We can’t fix what we don’t know. That’s why Harvey Ferdman sees it as his job to inform the public about the troubling issue of what to do about the Bridgeton and West Lake landfill, where a massive underground, smoldering fire has been creeping closer and closer to a radioactive waste site. For the past 3½ years, Ferdman, 63, has devoted hundreds of volunteer hours to publicizing the health threats buried in the ground in our community and push for remediation. Ferdman has pored over thousand of documents, contacted dozens of local, state and federal officials as well as appearing before neighborhood groups, media programs and before political bodies.
Next time you stay in a hotel room that offers little bottles of shampoo, conditioner and moisturizer, bring them home to Ann Frank. She collects them for Project Backpack, which aims to help children who are victims of domestic violence. Frank does not advertise her volunteer service. In fact, leaders of the various organizations where she volunteers — Project Backpack, Kol Rinah and Jewish day schools, among others — only inadvertently found out about her other contributions. The 82-year-old is quiet about her efforts and explains she does what she does because she likes people and wants to help.
Elad Gross, 28, works as an assistant attorney general for Missouri and is also president and CEO of Education Exchange Corps, a non-profit he founded in 2008 to help at-risk children by providing them with better educational opportunities. When the Ferguson-Florissant School District delayed the start of the academic year following Michael Brown shooting in August 2014, Gross and other volunteers helped turn the local library into a school. He also recruited volunteers to help teach and run the school. As both a government official and leader of a nonprofit, Gross is committed to helping people who come from low-income backgrounds.
For the past three years, Carl Sherman has volunteered for the Missouri Veterans History Project, helping to record oral histories from veterans. Copies of the videotaped interviews are given not just to the veteran but also to the Library of Congress and the State Historical Society of Missouri. As a volunteer working with the vets, Sherman, 71, interviews those who were involved in combat and those who were not. He speaks at American Legion and VFW halls, as well as synagogues and retirement homes, to try and get more people to share their stories. The organization has collected more than 1,100 histories.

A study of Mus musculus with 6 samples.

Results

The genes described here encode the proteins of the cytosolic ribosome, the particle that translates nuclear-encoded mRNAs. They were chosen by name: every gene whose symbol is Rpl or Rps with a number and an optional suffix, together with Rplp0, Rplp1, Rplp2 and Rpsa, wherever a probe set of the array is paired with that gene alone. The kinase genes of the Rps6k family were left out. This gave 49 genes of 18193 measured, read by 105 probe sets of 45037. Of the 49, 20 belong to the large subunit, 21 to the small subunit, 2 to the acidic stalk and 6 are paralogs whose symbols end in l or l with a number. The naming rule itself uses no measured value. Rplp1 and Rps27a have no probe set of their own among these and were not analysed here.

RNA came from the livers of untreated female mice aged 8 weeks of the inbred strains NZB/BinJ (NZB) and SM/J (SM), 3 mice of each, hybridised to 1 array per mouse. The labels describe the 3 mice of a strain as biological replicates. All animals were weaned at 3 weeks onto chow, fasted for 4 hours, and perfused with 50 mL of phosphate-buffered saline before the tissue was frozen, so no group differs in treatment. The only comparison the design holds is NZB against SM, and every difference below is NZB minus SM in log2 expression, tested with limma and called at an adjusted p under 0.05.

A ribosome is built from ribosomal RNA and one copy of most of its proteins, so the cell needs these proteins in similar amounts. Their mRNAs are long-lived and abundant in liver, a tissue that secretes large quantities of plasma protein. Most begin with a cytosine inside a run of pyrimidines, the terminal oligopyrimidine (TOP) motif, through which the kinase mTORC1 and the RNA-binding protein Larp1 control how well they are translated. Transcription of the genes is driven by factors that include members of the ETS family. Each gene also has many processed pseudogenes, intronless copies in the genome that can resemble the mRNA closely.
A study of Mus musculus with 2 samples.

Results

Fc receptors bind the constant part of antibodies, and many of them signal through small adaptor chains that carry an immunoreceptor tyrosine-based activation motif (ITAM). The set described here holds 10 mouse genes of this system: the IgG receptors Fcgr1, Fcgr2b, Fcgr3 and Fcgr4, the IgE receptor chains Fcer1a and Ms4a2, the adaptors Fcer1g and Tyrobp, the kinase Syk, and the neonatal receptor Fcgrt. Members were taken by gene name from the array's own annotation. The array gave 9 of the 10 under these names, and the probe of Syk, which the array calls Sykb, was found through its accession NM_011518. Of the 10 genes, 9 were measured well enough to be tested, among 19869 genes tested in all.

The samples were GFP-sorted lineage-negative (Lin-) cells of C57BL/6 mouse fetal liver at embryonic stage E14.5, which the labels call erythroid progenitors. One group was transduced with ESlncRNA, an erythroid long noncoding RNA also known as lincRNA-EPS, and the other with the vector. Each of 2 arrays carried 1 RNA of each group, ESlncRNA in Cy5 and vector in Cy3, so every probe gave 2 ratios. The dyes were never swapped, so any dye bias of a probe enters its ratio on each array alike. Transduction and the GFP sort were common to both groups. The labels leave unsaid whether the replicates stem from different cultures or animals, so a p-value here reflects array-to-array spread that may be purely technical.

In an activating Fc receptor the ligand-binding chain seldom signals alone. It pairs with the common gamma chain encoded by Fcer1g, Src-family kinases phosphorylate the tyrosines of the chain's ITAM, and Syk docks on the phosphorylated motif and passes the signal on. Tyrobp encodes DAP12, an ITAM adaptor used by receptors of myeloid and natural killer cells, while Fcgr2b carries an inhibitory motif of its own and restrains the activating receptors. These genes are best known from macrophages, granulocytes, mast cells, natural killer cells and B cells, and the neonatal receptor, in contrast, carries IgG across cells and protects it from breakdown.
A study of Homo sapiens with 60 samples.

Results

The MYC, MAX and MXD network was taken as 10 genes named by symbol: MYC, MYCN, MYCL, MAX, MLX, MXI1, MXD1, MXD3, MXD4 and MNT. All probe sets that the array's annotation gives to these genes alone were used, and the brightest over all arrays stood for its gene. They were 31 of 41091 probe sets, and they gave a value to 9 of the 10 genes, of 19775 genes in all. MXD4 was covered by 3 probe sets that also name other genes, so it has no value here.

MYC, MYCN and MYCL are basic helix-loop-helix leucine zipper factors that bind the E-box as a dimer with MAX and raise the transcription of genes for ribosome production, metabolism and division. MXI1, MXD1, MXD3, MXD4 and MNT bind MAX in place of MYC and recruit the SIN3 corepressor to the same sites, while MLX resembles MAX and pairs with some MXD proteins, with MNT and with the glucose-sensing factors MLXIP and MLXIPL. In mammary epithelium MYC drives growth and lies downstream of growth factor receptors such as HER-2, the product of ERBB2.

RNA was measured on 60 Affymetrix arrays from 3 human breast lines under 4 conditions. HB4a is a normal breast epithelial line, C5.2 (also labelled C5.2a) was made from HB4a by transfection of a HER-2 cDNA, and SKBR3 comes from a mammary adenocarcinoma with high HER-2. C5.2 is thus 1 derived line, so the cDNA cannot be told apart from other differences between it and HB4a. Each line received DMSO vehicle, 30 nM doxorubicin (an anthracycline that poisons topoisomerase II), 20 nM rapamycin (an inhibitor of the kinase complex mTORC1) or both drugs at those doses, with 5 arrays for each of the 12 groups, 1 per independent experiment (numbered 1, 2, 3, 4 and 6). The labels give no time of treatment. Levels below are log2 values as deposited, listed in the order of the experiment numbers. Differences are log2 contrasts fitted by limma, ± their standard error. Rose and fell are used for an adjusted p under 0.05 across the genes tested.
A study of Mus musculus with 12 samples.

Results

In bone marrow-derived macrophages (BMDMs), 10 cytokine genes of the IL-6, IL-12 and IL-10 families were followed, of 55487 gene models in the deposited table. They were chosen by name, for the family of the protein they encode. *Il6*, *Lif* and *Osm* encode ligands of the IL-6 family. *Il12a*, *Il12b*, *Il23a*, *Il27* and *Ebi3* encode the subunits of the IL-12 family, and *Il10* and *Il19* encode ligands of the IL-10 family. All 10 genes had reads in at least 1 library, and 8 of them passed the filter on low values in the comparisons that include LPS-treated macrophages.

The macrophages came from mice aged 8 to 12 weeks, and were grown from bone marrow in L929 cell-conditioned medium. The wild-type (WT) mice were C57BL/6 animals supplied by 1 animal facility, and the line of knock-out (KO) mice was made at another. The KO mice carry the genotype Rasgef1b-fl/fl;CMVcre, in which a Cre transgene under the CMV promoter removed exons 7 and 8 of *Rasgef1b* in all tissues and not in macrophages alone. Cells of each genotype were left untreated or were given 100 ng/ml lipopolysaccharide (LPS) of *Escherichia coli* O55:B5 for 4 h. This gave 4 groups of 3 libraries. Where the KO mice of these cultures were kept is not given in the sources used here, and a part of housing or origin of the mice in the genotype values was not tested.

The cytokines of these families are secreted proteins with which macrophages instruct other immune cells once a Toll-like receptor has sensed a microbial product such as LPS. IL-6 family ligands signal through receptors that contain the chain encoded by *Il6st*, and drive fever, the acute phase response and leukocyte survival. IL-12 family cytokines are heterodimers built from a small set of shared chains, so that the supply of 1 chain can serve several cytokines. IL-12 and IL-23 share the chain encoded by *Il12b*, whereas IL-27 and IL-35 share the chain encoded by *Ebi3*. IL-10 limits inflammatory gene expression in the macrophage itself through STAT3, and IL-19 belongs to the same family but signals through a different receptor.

Joy Millner, 54 has dedicated herself to changing lives through physical fitness and nutrition. For four years, she has voluntarily led a free, weekly group exercise class in north St. Louis County, which combines fitness, nutritional coaching, health information and inspirational messages to a diverse group of 40 to 45 students. She and a business partner started The Fit and Food Connection two years ago to empower people in need to get healthy through fitness and nutrition opportunities. The organization offers food provision, fitness classes, lifestyle programming, coaching and education as a comprehensive way to help families in need, and is completely free of charge.
For the better part of 40 years, Bonnie Solomon, 73, has been an advocate for quality senior housing, both as a professional and as a volunteer. After serving as executive director of Covenant House (now Covenant Place) for 6½ years, Solomon worked with Delmar Gardens for more than 30 years in various capacities, including as director of Garden Villas Retirement Community. Since her retirement in 2008, she has continued to stay busy, serving as vice president of leadership for National Council of Jewish Women-St. Louis Section. She also volunteers with numerous other Jewish organizations as well as with her synagogue, Congregation Shaare Emeth.
Read the Heroes’ full stories in our May Oy! Magazine and join the Light in saluting the 2016 Unsung Heroes during a special event at 7 p.m. Monday, May 23 at the Jewish Community Center Arts & Education Building in Creve Coeur. The cost is $18 and includes a kosher dessert and coffee reception. Space is limited, so call 314-743-3660 to see if seating remains.